The human brain is approximately 1130-1260 cubic cm in volume. Since 1.13 septillion (1,130,000,000,000,000,000,000,000) nanometers will fit into a 1130 cubic cm space, we actually have plenty of space for those paltry 4500 trillion nanometers – especially because they are scattered throughout the space, in a dithering of chemical potential.
Now, when we add a third dimension, things look even more feasible. According to Alonso-Nanclares, et al, every cubic millimeter (mm) of cerebral cortex contains roughly a billion synapses. So, 150 trillion synapses takes up 150 cubic cm. In terms of volume, that’s about 3.5 cm x 3.5 cm x 12 cm – about the size of a stick of butter.
So, that’s not so massive, considering it’s spread throughout the 1130-1260 cubic cm of the brain. And yet, that’s enough room for 150 trillion synapses, shared by 86 billion neurons. In the brain alone.
When you think about it, it’s pretty amazing just how much is folded into that relatively small space. Our bodies are highly adept at embedding length into compact spaces. The small intestine, which shares space in our abdomens with other internal organs, measures some 23 feet (7 meters) when you stretch it out. And the DNA in a single human cell totals about 6 feet (2 meters) in length. This all works because of 3D space, as well as the incredibly tiny dimensions of the elements in question. So, our nerves and synapses are simply following suit, fitting a whole lot of functionality and information in a compact container.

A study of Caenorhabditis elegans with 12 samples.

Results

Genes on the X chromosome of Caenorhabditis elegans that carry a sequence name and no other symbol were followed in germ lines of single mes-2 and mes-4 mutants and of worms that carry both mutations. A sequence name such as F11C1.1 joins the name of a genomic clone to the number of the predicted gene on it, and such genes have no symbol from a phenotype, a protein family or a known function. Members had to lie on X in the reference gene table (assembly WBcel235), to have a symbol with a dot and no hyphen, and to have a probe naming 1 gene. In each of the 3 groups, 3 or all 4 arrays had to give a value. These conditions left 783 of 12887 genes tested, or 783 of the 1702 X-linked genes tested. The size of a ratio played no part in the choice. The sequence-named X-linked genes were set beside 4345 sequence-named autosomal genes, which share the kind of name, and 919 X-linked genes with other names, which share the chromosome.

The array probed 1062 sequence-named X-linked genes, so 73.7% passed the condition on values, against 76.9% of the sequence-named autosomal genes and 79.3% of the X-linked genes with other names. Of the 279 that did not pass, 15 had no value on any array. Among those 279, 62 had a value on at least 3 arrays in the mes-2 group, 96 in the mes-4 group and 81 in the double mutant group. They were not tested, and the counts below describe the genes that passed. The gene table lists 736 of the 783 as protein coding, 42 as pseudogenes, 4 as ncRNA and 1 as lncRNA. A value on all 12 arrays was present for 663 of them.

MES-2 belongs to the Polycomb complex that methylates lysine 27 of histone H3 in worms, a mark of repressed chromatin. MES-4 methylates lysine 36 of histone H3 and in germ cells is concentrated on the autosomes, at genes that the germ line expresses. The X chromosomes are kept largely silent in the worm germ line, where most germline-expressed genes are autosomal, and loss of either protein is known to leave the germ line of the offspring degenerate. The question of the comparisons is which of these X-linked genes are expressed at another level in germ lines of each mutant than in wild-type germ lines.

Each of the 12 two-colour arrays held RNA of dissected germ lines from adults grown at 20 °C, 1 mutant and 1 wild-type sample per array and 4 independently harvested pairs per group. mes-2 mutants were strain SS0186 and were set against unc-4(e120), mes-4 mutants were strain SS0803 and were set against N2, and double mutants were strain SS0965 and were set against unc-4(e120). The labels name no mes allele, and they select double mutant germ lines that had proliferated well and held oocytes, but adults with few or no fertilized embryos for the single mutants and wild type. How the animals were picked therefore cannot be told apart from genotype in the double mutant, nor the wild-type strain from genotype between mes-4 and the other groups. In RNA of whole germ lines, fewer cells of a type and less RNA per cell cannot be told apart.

But let’s get back to linear distance. Remember the illustrations of the synapse earlier? At the end of each axon, we find a “bouton”, or a terminal, which is the pre-synaptic “start” of the synapse. Nerve terminals in certain parts of the brain typically contain approximately 200-500 synaptic vesicles per terminal. Those vesicles are the “pockets” at the ends of the axons holding the biochemicals which travel across the synaptic cleft.